US, others move UN Security Council for terror tag, Beijing objects
Masood Azhar in Karachi on January 22, 2000.
Masood Azhar in Karachi on January 22, 2000.
AP picture

Anita Joshua   |   Published 28.03.19, 08:17 PM

The US, Britain and France have moved a draft resolution in the United Nations Security Council to designate Masood Azhar as a terrorist, drawing Chinese objections for bypassing the 1267 Sanctions Committee where such a proposal has been pending since Beijing put it on hold.

“The US has bypassed the 1267 Committee and directly filed the draft of the resolution to the Security Council. This is not in line with the resolution of the issue through dialogue and negotiations,” Chinese foreign ministry spokesperson Geng Shuang told reporters in Beijing.

China believes that Washington’s move has “reduced the authority of the (1267) committee as the main anti-terrorism body of the Security Council”. It has warned that this is not conducive to solidarity and will further complicate the issue.

Beijing has advised the US to “act cautiously and avoid forcefully moving forward with this resolution draft”.

That draft resolution will remain in play for six months, after which any member of the committee can again put it on hold for three more months. If it is not passed unanimously at the end of the cumulative nine months, it would fall.

India chose to remain tight-lipped on the latest development. A source said: “It will not be appropriate for us to comment at this stage on a process which is entirely within the parameters of informal discussion of the Council and its members.’’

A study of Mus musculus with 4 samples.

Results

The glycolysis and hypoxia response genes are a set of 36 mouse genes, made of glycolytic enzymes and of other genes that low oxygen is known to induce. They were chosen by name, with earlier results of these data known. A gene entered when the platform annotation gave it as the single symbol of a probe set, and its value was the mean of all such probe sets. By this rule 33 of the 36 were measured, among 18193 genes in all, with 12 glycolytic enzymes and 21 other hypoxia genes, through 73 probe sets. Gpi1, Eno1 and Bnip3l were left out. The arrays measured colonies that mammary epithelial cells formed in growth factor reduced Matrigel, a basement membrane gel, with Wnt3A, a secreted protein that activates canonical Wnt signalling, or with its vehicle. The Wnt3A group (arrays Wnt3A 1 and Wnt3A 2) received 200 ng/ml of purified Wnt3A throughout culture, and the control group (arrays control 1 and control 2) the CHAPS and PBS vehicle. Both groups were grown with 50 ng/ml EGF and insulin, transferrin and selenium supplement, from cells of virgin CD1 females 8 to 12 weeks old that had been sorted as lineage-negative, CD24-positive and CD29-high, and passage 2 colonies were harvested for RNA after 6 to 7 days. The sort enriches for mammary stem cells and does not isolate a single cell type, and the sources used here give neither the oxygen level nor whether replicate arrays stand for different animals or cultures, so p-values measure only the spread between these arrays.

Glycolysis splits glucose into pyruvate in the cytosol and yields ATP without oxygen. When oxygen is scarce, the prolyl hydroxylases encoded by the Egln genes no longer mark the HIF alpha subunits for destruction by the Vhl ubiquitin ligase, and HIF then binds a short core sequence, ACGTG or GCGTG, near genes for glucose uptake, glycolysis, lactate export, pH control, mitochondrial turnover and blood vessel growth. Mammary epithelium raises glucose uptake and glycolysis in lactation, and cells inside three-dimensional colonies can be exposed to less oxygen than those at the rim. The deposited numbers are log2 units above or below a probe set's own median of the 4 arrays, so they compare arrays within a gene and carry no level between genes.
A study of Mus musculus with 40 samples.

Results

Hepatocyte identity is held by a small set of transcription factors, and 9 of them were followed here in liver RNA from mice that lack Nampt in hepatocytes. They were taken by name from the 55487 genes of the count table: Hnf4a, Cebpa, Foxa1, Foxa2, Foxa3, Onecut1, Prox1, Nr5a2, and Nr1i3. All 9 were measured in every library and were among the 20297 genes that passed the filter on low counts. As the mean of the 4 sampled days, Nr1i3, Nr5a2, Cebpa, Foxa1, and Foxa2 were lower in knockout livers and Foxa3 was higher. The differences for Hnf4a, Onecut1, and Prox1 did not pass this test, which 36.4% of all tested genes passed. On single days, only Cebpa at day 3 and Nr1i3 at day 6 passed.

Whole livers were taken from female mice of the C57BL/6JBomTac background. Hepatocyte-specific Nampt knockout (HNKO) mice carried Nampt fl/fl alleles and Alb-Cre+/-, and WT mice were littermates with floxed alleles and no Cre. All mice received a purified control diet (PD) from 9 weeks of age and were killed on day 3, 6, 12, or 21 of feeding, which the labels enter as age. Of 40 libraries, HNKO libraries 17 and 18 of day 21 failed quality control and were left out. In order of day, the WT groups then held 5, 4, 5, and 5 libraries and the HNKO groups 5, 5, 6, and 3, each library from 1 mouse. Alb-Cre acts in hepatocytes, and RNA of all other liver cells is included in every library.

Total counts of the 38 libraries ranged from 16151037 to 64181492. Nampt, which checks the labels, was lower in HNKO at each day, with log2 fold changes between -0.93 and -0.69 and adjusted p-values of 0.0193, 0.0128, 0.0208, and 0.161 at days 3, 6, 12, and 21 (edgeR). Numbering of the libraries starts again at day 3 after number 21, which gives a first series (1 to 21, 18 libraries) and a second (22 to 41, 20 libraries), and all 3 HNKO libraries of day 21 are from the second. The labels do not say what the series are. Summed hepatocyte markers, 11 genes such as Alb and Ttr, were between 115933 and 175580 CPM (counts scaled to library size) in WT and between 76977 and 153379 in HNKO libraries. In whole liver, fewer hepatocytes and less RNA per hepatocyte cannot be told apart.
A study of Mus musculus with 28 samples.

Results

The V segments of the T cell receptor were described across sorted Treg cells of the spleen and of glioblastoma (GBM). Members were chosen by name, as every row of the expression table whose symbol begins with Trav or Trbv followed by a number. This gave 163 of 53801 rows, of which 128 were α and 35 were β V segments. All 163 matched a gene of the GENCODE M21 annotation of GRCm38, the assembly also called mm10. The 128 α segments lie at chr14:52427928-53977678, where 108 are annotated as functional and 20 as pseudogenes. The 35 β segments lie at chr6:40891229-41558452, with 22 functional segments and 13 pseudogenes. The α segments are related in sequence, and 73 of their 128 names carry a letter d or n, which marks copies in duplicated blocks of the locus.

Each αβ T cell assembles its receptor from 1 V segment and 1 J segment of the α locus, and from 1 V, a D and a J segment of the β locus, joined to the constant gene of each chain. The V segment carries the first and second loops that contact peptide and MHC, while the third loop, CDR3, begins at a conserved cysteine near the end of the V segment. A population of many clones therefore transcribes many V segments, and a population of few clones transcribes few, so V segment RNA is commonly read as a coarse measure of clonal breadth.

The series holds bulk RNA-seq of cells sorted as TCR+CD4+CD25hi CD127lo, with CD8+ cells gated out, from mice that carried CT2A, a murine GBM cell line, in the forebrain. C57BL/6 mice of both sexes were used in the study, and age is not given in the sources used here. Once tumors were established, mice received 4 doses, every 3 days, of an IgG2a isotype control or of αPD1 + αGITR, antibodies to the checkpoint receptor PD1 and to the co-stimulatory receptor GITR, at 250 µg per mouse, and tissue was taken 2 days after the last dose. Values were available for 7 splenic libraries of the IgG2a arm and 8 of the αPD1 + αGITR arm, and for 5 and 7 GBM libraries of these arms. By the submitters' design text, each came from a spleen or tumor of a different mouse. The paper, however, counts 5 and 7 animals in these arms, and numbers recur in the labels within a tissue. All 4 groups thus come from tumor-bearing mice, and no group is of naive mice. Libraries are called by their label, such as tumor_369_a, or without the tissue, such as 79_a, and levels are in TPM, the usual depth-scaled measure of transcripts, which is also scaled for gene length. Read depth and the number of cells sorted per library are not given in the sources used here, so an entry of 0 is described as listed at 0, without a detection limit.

Pakistan has shared its preliminary findings on India’s Pulwama dossier and briefed the diplomatic community in Islamabad on the steps it has taken over the past month to probe the February 14 suicide attack that killed 40 CRPF troops.

Pakistan’s attorney-general, the foreign and interior (home) secretaries, and the director-general of the Federal Investigation Agency conducted the briefing on Wednesday.

Islamabad has sought more information from New Delhi and communicated its queries through diplomatic channels.

According to Pakistan’s foreign office, Islamabad told the diplomatic community that the Indian “paper” contained 91 pages and six parts, of which only the second and third parts related to the Pulwama incident. “(The) other parts are generalised allegations. Pakistan is focusing on those parts which relate to (the) Pulwama incident.”

The diplomats were informed that 54 individuals detained after the Pulwama attack were being investigated but no details linking them to Pulwama had been found so far.

“Similarly, the 22 pin locations shared by India have been examined. No such camps exist. Pakistan is willing to allow visits, on request, to these locations.’’

Pakistan claimed that all the aspects of the information provided by India had been thoroughly examined, including the “confessional’’ video of Adil Dar and the “claim’’ of responsibility for the attack.

Islamabad told the diplomats that service providers had been requested for data, including relevant details of the activities and contacts of the GSM number provided by India. Pakistan has also contacted the US government with a request for assistance from WhatsApp.

Though not surprised by Pakistan’s response, India has expressed disappointment and said that Islamabad had followed an identical script after the Mumbai and Pathankot terror attacks. “Nevertheless, we are examining the paper handed over by Pakistan,” a source said.